Here are a few posts from last week's Greenpage that might be worth your time...
Writers Guild East Blasts Proposed Anti-Union ‘Right to Work’ LegislationVariety: The Writers Guild of America East has blasted proposed federal legislation that would allow workers to opt out of paying union dues.
The new bill, H.R. 744, was introduced this week by Reps. Steve King (R-Iowa) and Joe Wilson (R-SC), would extend “right to work” to all states nationwide.
“One of the strange perennial rituals of Beltway Washington is the introduction of legislation to destroy the only effective voice American workers have on the job,” said WGA East President Michael Winship and Executive Director Lowell Petersson.
Still in transition: DC theaters, seeking leaders of colorNew Pittsburgh Courier: Who would have bet that the country would have elected a Black president before any of Washington’s biggest theater troupes had an artistic or executive director of color?
“It’s not necessarily from any ill will, but more from ignorance,” says Jennifer L. Nelson, who led the now-defunct African Continuum Theatre Company until 2006 and is a resident director with the rapidly evolving Mosaic Theater Company. “And a lack of inclination to change.”
SAG-AFTRA Draws More Than 500 to Videogame Strike RallyVariety: SAG-AFTRA drew more than 500 supporters Thursday to a spirited rally as its video game strike moves into its fourth month.
“We are not going to stop until we have a fair contract for our members,” said David White, SAG-AFTRA national executive director. “This is not just about money. It’s about fair working conditions and secondary compensation.”
More Than BoothHowlRound: Part 1: Why Every Theatre in America Should Have an Active Shooter Plan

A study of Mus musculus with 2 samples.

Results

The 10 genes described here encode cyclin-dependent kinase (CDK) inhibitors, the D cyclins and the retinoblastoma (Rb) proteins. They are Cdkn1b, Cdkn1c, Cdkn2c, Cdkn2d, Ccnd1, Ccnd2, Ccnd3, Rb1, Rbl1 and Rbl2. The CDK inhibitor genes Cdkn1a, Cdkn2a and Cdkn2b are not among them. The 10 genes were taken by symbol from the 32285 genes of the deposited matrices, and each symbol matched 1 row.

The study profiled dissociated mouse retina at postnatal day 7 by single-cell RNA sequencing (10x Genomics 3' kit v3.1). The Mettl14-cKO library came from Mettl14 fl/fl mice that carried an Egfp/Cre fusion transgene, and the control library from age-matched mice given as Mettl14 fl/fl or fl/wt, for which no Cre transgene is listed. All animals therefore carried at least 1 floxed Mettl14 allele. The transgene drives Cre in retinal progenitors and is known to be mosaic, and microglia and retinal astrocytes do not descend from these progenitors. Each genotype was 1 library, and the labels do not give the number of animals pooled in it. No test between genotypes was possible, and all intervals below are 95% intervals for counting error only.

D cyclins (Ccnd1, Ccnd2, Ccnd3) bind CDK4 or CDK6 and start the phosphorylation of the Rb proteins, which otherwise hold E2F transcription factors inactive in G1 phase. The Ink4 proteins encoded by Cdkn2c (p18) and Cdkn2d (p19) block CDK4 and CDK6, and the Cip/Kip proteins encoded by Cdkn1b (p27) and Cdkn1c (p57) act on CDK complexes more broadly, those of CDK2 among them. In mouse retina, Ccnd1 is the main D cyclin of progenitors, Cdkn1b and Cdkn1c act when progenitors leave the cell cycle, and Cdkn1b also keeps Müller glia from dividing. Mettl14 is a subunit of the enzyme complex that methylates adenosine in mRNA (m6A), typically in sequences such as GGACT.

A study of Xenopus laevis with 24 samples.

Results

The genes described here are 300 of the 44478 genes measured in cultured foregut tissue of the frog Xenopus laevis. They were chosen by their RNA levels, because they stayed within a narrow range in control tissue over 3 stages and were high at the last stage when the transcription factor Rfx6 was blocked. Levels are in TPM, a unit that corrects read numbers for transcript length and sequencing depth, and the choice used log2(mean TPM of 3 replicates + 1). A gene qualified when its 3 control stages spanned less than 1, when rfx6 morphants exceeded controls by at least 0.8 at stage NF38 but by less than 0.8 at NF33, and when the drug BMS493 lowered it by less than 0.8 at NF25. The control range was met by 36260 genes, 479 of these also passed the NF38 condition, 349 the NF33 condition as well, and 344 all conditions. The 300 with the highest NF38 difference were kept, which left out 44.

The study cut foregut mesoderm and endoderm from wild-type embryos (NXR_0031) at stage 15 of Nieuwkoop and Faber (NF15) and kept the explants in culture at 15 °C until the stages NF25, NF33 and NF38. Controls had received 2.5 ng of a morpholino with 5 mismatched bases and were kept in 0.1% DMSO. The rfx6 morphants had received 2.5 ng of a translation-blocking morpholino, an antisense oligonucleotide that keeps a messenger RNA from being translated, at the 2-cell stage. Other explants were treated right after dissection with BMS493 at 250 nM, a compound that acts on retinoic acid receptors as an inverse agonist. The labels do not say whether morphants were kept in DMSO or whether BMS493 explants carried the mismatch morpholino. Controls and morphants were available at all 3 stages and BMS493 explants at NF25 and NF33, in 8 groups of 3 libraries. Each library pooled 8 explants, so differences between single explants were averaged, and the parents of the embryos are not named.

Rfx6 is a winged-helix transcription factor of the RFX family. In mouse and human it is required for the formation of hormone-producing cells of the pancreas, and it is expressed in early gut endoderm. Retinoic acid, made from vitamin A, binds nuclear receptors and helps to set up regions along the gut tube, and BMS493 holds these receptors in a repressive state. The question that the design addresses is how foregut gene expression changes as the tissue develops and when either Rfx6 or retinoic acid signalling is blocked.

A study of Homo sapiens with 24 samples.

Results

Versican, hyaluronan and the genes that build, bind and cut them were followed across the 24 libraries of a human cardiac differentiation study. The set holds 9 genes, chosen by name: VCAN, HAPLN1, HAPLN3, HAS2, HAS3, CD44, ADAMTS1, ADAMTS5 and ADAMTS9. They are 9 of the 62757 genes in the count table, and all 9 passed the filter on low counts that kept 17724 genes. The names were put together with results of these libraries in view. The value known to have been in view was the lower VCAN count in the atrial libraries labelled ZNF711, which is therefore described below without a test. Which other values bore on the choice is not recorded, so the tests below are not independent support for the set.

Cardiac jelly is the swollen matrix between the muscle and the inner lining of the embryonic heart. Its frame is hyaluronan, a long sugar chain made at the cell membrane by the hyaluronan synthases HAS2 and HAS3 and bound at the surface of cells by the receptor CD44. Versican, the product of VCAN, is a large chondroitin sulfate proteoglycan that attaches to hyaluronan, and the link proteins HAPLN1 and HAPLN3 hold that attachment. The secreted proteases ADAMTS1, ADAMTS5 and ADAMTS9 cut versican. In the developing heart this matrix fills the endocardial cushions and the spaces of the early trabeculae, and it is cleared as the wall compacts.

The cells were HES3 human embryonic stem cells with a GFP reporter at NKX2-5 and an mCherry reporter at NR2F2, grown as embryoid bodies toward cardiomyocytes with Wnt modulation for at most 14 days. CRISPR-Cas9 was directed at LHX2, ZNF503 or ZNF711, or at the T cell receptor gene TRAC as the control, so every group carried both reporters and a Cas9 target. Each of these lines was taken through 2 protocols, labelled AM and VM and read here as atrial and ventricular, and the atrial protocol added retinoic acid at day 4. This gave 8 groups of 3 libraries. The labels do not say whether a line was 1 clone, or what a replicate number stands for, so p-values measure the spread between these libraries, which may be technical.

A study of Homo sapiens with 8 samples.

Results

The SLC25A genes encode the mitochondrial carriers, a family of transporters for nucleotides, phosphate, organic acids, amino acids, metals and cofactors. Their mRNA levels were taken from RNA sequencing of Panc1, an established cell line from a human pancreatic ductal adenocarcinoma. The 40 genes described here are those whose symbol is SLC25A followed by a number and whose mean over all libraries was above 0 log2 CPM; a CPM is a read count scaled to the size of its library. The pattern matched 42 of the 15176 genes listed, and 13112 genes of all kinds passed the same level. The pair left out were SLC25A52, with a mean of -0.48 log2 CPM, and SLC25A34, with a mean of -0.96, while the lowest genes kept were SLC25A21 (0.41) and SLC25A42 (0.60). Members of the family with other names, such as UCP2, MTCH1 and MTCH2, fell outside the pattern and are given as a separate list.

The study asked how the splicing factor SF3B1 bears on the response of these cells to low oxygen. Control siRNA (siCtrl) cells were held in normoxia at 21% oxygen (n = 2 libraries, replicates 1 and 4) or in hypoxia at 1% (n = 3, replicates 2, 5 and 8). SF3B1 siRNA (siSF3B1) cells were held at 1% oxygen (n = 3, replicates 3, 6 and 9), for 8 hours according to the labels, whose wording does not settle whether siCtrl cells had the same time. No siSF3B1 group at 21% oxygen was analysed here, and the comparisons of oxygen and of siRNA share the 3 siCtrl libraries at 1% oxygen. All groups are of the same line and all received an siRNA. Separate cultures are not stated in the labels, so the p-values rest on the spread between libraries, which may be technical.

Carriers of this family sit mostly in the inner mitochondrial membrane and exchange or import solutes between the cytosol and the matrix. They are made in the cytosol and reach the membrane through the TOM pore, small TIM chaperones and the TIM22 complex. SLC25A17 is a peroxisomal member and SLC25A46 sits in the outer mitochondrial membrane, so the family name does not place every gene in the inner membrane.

Real tragedy lies in the fact that out of all of the moments, and milestones that have occurred in American theatres, perhaps the most noteworthy occurred on a spring evening in 1865 during a performance of Our American Cousin. Despite the centuries of breathtaking performances and soul-revealing cultural revolutions that have characterized theatre history, schoolchildren’s first exposure to theatres historically is as the setting for Abraham Lincoln’s assassination. Between the passage of time and the cringe-worthy, “But how was the play, Mrs. Lincoln?” jokes, it is easy to relegate the concept of real-life theatre gun violence to a time when horse-and-buggy was the favored mode of transportation.
An Interactive Visualization of Every Line in Hamiltonpolygraph.cool: When I first heard of Hamilton, I was doubtful ("a hip-hop musical?"). But from the moment I sat down to listen the whole way through, I was done for.
I was obsessed. I had the soundtrack on repeat for months, it was all I listened to in my waking hours. I listened so much I had favorite lines and favorite songs. I analyzed the lyrics; I reveled in the layers of complexity, the double entredres, the clever word plays.
Then my obsession hit a peak; I kept wondering, what would a visualization of Hamilton look like? I couldn't stop thinking about it.